The Human Rights Campaign publicly endorsed 10th congressional district Democratic candidate Brad Schneider Wednesday morning.
Members of the civil rights organization, which has more than a million supporters nationwide, said Schneider’s opponent U.S. Rep. Bob Dold (R-10) is on the “wrong side of history” when it comes to equality issues and has failed the LGBT community.
Earlier this week, Schneider, of Deerfield, launched an online petition calling on Congress to act quickly to pass the Employment Non-Discrimination Act, or ENDA, which would give lesbian, gay, bisexual and transgender employees protection from discrimination.
Currently, there is no federal law protecting LGBT workers from discrimination, and Schneider’s petition already has more than 1,000 signatures.
“Brad not only supports issues important to our community, but makes them a part of his campaign,” said John Barry, a Human Rights Campaign board member and long-time Illinois activist. “That shows true leadership.”
Dold opposes ENDA and marriage equality. He voted twice to support the Defense of Marriage Act, which defines marriage between a man and a woman, according to Schneider’s campaign.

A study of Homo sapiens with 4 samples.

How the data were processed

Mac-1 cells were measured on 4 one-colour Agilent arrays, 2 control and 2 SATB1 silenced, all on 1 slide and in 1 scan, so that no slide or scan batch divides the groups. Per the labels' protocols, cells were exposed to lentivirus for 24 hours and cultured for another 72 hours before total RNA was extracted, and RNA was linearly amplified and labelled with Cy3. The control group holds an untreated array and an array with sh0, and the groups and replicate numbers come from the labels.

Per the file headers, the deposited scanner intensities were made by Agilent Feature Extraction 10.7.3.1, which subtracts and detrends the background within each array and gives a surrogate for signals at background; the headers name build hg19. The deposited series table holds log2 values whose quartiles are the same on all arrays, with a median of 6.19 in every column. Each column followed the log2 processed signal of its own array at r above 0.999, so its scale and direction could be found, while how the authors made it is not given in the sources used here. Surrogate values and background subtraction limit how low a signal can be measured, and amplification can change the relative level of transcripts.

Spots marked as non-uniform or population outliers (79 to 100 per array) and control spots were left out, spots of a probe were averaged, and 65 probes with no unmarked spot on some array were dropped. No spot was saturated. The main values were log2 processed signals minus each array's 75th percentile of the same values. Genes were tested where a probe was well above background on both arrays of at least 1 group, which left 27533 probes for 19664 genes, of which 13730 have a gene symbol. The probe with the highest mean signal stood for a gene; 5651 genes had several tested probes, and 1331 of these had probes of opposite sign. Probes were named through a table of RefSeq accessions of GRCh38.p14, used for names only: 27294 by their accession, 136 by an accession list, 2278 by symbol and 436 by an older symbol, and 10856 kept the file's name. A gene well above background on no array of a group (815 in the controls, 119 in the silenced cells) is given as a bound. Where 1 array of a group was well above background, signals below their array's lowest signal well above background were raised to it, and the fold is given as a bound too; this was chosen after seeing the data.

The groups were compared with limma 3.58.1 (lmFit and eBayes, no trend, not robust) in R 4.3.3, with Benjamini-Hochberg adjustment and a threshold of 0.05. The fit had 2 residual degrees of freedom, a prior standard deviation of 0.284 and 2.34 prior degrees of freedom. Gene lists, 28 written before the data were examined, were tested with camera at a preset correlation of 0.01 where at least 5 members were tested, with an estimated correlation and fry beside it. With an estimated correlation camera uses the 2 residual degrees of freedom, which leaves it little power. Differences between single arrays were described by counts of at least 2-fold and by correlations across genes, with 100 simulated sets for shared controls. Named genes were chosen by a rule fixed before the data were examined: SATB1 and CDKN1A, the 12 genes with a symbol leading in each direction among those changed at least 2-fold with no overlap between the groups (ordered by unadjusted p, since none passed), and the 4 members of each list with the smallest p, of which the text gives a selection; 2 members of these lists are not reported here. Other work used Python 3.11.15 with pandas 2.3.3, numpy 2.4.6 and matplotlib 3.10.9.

Michael Cole-Schwartz, communications director for the Human Rights Campaign, said Dold has a very “disturbing” record on LGBT issues.
“Brad is on the right side of history,” Cole-Schwartz said. “His opponent remains out of touch.”
Previous to Schneider, the Human Rights Campaign endorsed then U.S. Rep. Mark Kirk (R-10) in 2006 and 2008.
Schneider said in a phone interview that he’s “deeply honored” the civil rights organization endorsed him, adding that equality has always been important to him.
“When I entered this campaign, it was not an issue that I said I was going to move from,” Schneider said. “It’s always been clearly important to me.”
Schneider said a member of his family is gay, along with many of his close friends.
He told the story about a family friend who was in a committed — but mostly secretive — relationship with his partner for more than 10 years.
One day, Schneider’s friend was jogging and had a heart attack and died. The man’s partner didn’t learn for quite a while that he was dead, and during the funeral, he had to sit in the back of the church because the family didn’t know he was gay.
“This was a very searing moment for me,” Schneider said. “This was wrong.”
Schneider said he and his opponent have stark differences on equality issues.
In 2010, Dold said he opposed the discrimination protection measure for LGBT workers because he doesn’t believe they should have “special rights.”
Schneider said he thinks that’s wrong.
“Equal rights are not special rights,” he said.
More than 75 percent of Americans believe all employees, regardless of who they are or what they believe, should have the same equal workplace protections, said Schneider.
And that’s something “I’m committed to fighting for and working for in Congress,” he added.